Cyber Snipa Stinger – High Spec, Low Price, Too Good To Be True?
Gaming mice continue to get more sophisticated which is great for us gamers, but at the same time the prices keep on going up. So how about a gaming mouse that includes features from the best mice but doesn’t kick you in the wallet? Enter the Cyber Snipa Stinger.
|Polling Rate||1000Hz (1ms)|
|Max Tracking speed||45 inches/second|
|Frame Rate||7080 frames/second|
|Buttons||9 (6 programmable)|
The specifications make for impressive reading and the features list rivals the likes of the Logitech G9 and Microsoft Sidewinder. But before we get too excited let’s just go through that list in a little more detail.
First of all is the 3,200 dpi laser sensor. With the exception of the 4,000dpi Razer Lachesis, that puts the Cyber Snipa Stinger on par with the most sensitive of gaming mice such as the G9 and Sidewinder. The dpi is adjustable, starting at 400dpi, with increments being programmable through the driver software. However, there are only four increments available which makes it less flexible than some of it’s competitors, but it should be enough for most people.
Next, the number of buttons also makes the Cyber Snipa Stinger stand out from the crowd. Nine buttons is a lot for a mouse, although the mouse wheel makes up three of that total (button and two-way tilt) and only six of the buttons are programmable. Even then, six programmable buttons is good and each one can be assigned a single keystroke or a macro. Up to three button profiles can be stored in the onboard memory, meaning you can potentially have 18 different macros available from the mouse. This is good, but is beaten by the likes of Razer who use 96k of onboard memory to store up to five profiles. The dpi setting also changes the colour of the scroll wheel to tell you which one is active, where at the lowest dpi the light is off and then progresses through red, green and finally blue.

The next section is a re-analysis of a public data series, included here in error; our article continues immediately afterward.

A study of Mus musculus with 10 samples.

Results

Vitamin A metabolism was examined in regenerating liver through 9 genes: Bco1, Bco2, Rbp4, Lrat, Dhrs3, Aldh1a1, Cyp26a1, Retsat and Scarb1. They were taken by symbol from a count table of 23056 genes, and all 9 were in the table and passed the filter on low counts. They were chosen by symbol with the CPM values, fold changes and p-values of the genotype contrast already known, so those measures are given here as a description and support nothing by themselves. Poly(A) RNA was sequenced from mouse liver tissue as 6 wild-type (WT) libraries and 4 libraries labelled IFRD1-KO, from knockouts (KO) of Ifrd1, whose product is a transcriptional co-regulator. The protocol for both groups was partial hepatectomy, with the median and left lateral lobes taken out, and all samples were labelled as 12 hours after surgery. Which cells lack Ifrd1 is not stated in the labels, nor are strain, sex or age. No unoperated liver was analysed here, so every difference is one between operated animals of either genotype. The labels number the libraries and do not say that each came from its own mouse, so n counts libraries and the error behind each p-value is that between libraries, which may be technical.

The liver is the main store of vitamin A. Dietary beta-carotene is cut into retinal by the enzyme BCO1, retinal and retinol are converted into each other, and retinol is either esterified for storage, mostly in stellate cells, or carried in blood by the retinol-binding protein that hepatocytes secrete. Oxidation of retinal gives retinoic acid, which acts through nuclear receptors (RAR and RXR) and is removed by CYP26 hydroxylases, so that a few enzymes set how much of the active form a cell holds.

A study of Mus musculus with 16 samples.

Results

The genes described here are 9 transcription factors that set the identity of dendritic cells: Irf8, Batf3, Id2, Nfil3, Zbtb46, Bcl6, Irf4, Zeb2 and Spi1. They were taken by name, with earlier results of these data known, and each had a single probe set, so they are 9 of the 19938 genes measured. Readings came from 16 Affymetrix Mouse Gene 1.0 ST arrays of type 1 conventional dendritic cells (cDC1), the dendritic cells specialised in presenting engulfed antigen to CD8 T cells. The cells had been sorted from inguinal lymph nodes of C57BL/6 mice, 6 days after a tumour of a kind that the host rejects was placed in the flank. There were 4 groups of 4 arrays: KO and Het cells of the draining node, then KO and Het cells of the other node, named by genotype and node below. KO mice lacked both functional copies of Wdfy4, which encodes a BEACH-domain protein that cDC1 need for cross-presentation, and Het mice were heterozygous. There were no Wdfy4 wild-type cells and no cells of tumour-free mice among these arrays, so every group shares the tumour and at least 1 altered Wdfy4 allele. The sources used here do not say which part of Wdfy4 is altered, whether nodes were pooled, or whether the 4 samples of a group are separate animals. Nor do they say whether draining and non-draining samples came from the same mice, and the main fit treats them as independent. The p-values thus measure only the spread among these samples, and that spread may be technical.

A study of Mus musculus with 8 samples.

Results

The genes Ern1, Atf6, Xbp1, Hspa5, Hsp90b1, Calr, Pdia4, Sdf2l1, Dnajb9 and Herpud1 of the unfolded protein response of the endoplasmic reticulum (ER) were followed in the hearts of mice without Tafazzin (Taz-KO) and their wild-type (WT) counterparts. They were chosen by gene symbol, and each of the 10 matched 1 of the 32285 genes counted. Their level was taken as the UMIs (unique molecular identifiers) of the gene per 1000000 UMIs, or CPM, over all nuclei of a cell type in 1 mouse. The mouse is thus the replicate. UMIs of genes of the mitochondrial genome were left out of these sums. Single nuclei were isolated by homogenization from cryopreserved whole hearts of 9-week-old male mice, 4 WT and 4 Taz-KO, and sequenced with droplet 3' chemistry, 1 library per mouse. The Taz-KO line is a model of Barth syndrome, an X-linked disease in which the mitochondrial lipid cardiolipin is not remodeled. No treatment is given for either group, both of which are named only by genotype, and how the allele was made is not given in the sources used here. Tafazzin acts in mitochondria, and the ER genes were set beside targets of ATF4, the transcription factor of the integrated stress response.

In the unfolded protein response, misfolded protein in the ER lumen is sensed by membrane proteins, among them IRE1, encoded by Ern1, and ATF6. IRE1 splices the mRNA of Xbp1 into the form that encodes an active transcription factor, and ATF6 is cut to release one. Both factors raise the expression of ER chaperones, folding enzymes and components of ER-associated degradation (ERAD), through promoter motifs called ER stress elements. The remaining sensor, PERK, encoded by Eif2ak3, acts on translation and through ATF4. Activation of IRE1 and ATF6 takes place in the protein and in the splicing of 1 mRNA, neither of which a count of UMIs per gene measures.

The removable weights are another popular feature, following in the footsteps of Logitech’s G5 and G9 and the Microsoft Sidewinder. In the case of the Cyber Snipa Stinger there are seven weights, each weighing 20grams, so you can add a total of 140g to the weight of your mouse. The system isn’t quite as flexible as the Logitech mice, which provide 4g and 7g weights so you can fine-tune the weight, but on the other hand Logitech’s system only allows you to add up to 28g. If you like a hefty mouse the Stinger is the one to go for.
As far as comfort goes the Stinger is a nice mouse to use for extended periods. The top of the mouse is covered in a rubbery material, similar to the Razer Deathadder, which makes it both comfortable and grippy. The sides of the mouse have more rubber, this time in bright red to give the Cyber Snipa Stinger its eye-catching colour scheme.
Lefties can ignore the Stinger, as it has a right-handed shape. It is also quite a large mouse with a tall arch, making it much more suited for people who like to move the mouse with the palm of their hand and, due to its size, less suited to players who prefer a claw-like grip.
Downsides? Not many really.
Some advanced gamers might find the driver software a little basic, but less experienced users might appreciate that. Also, if I’m really harsh I would say the colours of the illuminated scroll wheel don’t go with the overall colour scheme and the illuminated crosshair on the back of the mouse looks a bit tacky. But they are minor criticisms.
So what’s the biggest problem about this mouse? Badge snobbery. The Razer and Logitech fanboys will barely give this mouse a second glance. Fair enough, the Cyber Snipa Stinger doesn’t quite match up to the polished perfection of a mouse such as the Logitech G9, but it does give about 90% of the performance and features for about 50% of the price.
If you’re not bothered about which manufacturer’s badge sits on your mouse, whether you’re on a tight budget or just looking for a good mouse, I can highly recommend the Cyber Snipa Stinger.